The mouse monoclonal antibody clone 2C1 recognizes polymeric forms of human alpha-1-antitrypsin.
Alpha-1-antitrypsin is the most abundant circulating protease inhibitor. Serpinopathies are conformational diseases characterized by the polymerization and intracellular retention of members of the serine protease inhibitor or serpin superfamily of proteins.1
The best known is a1-antitrypsin deficiency, with the most common severe deficiency allele being the Z mutation (Glu342Lys). The severe Z deficiency allele (Glu342Lys) causes the protein to undergo a conformational transition and form ordered polymers that are retained within hepatocytes. This causes neonatal hepatitis, cirrhosis, and hepatocellular carcinoma.
Clone 2C1 recognizes polymers formed by Z α1-antitrypsin in vivo. It also recognizes polymers formed by the Siiyama (Ser53Phe) and Brescia (Gly225Arg) mutants, and the novel His334Asp shutter domain mutant of a1-antitrypsin that is associated with prolonged neonatal jaundice in a 6-week-old boy. These data show that Z and shutter domain mutants form polymers with a shared epitope.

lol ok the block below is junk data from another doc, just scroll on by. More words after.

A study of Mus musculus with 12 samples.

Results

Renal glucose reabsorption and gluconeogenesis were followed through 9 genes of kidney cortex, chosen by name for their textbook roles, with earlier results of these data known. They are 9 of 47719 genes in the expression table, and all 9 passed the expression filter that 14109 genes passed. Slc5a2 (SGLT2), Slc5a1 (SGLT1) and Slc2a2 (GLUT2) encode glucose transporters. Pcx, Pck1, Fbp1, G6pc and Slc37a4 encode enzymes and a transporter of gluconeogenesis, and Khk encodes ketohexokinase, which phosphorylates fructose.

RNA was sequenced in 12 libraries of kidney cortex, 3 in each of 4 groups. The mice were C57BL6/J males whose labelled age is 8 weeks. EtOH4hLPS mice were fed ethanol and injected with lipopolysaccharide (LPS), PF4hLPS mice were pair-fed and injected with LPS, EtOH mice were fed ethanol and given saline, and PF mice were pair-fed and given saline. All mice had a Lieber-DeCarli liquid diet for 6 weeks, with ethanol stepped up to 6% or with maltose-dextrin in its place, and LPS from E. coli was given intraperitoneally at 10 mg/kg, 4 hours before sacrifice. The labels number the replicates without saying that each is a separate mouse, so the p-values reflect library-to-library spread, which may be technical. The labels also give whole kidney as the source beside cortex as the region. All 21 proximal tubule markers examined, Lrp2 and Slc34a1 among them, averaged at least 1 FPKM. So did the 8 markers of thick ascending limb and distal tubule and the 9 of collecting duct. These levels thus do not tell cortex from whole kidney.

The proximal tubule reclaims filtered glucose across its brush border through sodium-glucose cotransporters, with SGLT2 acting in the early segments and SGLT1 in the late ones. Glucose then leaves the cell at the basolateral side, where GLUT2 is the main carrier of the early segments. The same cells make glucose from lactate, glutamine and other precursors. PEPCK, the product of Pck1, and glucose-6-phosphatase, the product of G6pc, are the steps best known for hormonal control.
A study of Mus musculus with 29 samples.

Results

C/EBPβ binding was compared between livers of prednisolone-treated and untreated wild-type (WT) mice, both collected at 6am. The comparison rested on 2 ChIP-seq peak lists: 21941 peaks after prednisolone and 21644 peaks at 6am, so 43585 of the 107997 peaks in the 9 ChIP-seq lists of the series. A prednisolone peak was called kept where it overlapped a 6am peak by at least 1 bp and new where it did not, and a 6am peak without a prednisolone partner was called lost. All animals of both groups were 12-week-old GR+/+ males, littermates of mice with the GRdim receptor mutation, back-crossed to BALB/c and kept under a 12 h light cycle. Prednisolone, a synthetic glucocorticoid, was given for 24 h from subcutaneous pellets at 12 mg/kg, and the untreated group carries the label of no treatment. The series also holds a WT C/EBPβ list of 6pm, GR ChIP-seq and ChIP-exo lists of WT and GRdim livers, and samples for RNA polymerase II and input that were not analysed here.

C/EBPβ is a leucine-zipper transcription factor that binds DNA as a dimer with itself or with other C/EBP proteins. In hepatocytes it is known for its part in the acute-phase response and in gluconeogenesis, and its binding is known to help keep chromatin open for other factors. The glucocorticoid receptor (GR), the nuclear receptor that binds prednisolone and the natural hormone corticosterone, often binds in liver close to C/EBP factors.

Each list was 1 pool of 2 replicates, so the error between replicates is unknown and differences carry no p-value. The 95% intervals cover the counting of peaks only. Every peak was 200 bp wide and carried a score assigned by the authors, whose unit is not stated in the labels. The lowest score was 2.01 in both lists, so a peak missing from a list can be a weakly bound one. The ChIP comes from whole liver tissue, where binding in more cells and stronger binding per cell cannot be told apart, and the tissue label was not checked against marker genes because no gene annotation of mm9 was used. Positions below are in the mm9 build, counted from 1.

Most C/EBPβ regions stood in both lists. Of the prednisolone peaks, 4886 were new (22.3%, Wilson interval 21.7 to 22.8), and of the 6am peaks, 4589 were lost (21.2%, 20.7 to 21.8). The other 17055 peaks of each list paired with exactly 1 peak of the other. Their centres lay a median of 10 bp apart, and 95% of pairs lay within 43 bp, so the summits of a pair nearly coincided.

Immuno assays, Immuno fluorescence, Immuno precipitation, Paraffin sections, Western blot
W: a non-denaturating gel was used. The bands obtained were ~110, 165, 220 and 275 kDa.
IA: HM2289 can be used as capture and detection antibody.
Dilutions to be used depend on detection system applied. It is recommended that users test the reagent and determine their own optimal dilutions. The typical starting working dilution is 1:50.
Human tonsil and kidney
For Western blot, any irrelevant protein can be used.